How many memes have you seen that claim to be quotes from significant voices?
C. S. Lewis and G. K. Chesterton seem to get lots of citations, and the appeal is obvious. They’re widely admired, wrote on many different subjects, and weren’t confined by genre (and it doesn’t hurt that they can’t correct anyone). But did they actually write what the memes attribute to them?
For instance, did C. S. Lewis really pen the supposed quote from The Screwtape Letters in which one of the devils claims that the “fear of getting sick” has led many to hell?
Logos can help you get to the bottom of this. A simple search can scan your entire library (or even a specific book) for a particular phrase.
So rather than skimming through every page of The Screwtape Letters or The Man Who Was Thursday,* you can direct Logos to search those books for any phrase you want to find.
To search your whole library, open a search, select Basic, and enter the phrase you want to find in quotation marks. To search my library for “fear of getting sick,” I only have to enter it in my Search panel in quotation marks and press enter.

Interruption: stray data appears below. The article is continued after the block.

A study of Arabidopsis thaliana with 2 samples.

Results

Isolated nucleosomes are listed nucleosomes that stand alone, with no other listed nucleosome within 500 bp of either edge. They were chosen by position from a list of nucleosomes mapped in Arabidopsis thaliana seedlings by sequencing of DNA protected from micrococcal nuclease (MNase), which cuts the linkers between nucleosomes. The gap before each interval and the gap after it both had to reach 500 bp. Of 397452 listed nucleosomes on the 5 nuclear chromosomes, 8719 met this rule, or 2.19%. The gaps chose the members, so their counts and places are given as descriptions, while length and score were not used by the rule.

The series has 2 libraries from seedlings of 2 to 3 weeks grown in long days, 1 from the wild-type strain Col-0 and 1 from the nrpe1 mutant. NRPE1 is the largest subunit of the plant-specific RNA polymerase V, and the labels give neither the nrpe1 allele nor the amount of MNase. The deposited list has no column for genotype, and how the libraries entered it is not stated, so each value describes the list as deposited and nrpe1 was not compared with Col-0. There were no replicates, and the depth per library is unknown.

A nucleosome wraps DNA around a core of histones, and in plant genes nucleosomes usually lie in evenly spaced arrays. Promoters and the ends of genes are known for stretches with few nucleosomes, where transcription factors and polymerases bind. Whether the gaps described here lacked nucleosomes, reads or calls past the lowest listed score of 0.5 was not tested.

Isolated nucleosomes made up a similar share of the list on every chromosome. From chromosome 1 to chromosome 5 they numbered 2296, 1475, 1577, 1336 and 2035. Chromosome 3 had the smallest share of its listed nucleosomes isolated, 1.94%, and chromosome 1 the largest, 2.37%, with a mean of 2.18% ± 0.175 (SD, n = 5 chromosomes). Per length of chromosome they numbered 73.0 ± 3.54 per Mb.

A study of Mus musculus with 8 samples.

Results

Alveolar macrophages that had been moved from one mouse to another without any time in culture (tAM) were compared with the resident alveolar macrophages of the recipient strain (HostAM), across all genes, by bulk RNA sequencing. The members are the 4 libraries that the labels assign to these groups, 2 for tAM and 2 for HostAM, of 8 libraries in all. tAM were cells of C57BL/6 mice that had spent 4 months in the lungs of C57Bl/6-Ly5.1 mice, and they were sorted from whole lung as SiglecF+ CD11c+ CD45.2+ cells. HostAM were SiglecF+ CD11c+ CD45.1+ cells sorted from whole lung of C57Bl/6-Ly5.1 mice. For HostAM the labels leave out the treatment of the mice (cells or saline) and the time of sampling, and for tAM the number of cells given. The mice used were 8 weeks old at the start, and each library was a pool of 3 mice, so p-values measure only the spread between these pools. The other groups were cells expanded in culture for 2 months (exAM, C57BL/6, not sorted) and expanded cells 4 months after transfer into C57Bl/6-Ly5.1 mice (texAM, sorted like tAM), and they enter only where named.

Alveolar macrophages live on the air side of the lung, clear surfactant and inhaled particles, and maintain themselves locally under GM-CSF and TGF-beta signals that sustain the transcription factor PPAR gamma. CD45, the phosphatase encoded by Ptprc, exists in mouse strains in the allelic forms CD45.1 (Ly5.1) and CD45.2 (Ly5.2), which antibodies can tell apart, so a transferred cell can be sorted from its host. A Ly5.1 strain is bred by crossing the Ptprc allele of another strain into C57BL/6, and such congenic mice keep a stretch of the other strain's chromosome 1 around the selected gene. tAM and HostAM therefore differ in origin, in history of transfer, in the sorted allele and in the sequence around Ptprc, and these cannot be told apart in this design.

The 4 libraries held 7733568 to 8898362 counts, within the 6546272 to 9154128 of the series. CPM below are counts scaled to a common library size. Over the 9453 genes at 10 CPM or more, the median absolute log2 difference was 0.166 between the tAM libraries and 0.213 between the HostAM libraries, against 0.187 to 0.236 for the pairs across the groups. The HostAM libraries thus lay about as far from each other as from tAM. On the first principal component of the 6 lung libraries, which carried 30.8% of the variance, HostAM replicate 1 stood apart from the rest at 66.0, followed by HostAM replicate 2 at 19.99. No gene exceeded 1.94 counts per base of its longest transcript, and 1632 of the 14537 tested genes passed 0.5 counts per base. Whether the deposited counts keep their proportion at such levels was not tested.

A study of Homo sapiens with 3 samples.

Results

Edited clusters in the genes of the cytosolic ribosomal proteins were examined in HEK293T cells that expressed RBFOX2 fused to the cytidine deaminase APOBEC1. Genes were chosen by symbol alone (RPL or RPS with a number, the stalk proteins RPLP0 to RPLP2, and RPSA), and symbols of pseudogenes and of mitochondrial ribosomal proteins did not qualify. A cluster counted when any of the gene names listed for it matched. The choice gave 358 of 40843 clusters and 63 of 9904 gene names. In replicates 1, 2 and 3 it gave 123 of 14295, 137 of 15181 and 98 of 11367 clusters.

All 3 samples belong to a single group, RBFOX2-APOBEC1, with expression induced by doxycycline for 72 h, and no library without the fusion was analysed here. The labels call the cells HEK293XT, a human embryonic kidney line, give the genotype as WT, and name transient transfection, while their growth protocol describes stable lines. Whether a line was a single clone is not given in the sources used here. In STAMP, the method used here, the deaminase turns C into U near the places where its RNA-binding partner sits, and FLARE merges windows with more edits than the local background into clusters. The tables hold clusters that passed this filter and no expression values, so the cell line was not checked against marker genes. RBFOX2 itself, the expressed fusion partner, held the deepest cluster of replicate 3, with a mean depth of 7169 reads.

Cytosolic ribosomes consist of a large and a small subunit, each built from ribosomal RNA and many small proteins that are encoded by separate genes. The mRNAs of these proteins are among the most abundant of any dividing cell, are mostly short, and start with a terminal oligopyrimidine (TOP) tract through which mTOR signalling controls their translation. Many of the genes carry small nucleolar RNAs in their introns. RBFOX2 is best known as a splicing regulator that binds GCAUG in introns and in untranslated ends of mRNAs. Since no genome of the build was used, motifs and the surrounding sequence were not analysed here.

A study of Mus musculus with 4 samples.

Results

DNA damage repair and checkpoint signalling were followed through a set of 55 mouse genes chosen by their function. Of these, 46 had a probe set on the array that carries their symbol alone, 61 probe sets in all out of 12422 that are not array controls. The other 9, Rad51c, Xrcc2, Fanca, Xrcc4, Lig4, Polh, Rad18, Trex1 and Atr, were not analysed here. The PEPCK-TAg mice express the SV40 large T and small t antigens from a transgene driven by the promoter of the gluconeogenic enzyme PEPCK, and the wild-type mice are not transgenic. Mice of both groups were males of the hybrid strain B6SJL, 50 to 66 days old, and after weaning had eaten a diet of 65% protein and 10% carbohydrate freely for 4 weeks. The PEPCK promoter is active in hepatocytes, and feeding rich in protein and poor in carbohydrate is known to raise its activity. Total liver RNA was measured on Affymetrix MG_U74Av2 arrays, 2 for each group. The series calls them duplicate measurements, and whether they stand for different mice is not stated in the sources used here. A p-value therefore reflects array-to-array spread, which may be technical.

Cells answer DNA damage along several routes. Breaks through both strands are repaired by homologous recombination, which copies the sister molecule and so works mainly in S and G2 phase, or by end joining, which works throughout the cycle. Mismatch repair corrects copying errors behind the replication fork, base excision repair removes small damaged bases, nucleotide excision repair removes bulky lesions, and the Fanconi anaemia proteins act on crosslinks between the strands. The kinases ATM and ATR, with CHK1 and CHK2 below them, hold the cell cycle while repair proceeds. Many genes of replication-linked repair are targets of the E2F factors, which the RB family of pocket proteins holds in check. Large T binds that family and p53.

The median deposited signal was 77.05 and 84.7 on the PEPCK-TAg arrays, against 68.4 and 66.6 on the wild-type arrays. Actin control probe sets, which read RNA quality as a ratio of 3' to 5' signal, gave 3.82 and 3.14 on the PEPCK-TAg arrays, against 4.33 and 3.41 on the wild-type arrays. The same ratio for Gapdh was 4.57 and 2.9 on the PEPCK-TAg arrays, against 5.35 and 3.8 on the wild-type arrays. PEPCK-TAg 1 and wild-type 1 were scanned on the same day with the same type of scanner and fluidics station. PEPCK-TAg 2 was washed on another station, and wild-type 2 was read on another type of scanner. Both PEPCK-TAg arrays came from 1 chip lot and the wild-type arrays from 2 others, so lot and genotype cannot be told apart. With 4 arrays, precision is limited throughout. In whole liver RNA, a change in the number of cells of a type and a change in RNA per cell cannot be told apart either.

To search a particular work, click the search location, and type the book’s name in the search field (you can also search all the works by a single author as discussed in the tech tip from a couple of weeks ago). Using the same example as above, I can search The Screwtape Letters specifically by opening a Basic search, clicking Everything, entering “Screwtape” in the search field, and selecting The Screwtape Letters from the drop-down menu that appears. I can then enter the phrase I want to find and press enter.
With a few quick searches, we can see that this passage is definitely not something C. S. Lewis wrote, and if we look for other phrases from that widely circulated “quotation,” we can infer that someone attributed a quote to C. S. Lewis that he did not pen.
Learn more about searching in Logos:
Visit the Logos Help Center for more on how to get the most out of your Logos Bible Software.
*Keep in mind, Logos can only search the books in your library.